The Periodic Table of Chemical Elements, the fundamental organizing tool of all 118 known elements first published by Dmitri Mendeleev in 1869, had its 150th birthday earlier this year.
The historical milestone makes 2019 the International Year of the Periodic Table of Chemical Elements. In keeping with global events celebrating chemistry, chemical sciences and engineering, two CSU professors, Eugene Chen and Amy Prieto, will participate in a national roundtable in Washington, D.C. next week.
The event, taking place Nov. 20 at the National Academy of Sciences, includes among its nine speakers Professors Chen and Prieto, who are both distinguished members of the College of Natural Sciences’ Department of Chemistry.
The daylong colloquium, open to both online and in-person guests, is hosted jointly by the American Chemical Society and the National Science Foundation. Speakers, ranging from representatives at academic institutions, Google, IBM and Lawrence Berkeley National Laboratory, will highlight chemistry breakthroughs enabled by scientific understanding of the Periodic Table. Scientists will share their perspectives on the history of the Periodic Table; discoveries that have shaped society; and current trends in chemical research.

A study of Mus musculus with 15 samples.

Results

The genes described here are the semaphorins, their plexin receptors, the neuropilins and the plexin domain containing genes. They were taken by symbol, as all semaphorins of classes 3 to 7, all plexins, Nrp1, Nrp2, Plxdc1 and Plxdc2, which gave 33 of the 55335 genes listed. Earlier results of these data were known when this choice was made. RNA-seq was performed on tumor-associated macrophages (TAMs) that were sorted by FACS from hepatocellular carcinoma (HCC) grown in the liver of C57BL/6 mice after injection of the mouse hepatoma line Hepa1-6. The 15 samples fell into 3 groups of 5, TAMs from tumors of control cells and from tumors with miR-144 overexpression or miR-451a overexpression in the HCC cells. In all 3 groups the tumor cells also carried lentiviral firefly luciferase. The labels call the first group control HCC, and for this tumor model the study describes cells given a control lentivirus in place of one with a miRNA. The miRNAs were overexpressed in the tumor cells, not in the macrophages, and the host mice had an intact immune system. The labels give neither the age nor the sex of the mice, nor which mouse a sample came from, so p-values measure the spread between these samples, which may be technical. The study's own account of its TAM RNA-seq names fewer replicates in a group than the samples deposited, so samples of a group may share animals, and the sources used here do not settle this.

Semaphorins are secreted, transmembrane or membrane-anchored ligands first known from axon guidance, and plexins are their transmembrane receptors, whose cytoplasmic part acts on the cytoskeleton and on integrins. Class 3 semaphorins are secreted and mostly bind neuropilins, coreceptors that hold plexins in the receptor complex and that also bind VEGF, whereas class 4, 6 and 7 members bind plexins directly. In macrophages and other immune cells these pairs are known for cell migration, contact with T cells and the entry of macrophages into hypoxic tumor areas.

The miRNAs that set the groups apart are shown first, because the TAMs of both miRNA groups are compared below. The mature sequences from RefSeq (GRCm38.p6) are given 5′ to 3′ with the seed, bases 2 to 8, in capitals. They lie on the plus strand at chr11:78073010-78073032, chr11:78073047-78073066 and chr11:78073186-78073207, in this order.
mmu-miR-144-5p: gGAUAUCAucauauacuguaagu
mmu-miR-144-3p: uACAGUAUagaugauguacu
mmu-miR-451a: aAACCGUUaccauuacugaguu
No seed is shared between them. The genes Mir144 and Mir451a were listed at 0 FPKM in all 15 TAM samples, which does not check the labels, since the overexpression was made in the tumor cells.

Amy Prieto and Eugene Chen, professors in the Department of Chemistry.
Chen, a leading researcher in the development of sustainable polymer materials, will present on “Sustainable polymers in a circular materials economy.” He will review the pros and cons of current polymer recycling methods, and various types of sustainable polymers showing promise toward a circular materials economy. He will also highlight recent technologies developed in his CSU lab, including infinitely recyclable plastics, and chemical catalysis routes to naturally biodegradable bacterial polymers.
Prieto works in solid-state, inorganic chemistry, with chief research interests in nanomaterials for energy storage and conversion. She will present on the topic of “Harnessing the versatility of the periodic table for energy storage.” A professor of chemistry as well as a successful entrepreneur, Prieto is the founder and chief executive officer of Prieto Battery, which makes 3D anodes and full solid-state batteries that seek to safely push past the limits of today’s power densities in commercial batteries. Prieto will discuss how fundamental solid-state and inorganic chemistry was used to develop today’s lithium ion batteries, recently recognized by the 2019 Nobel Prize in Chemistry.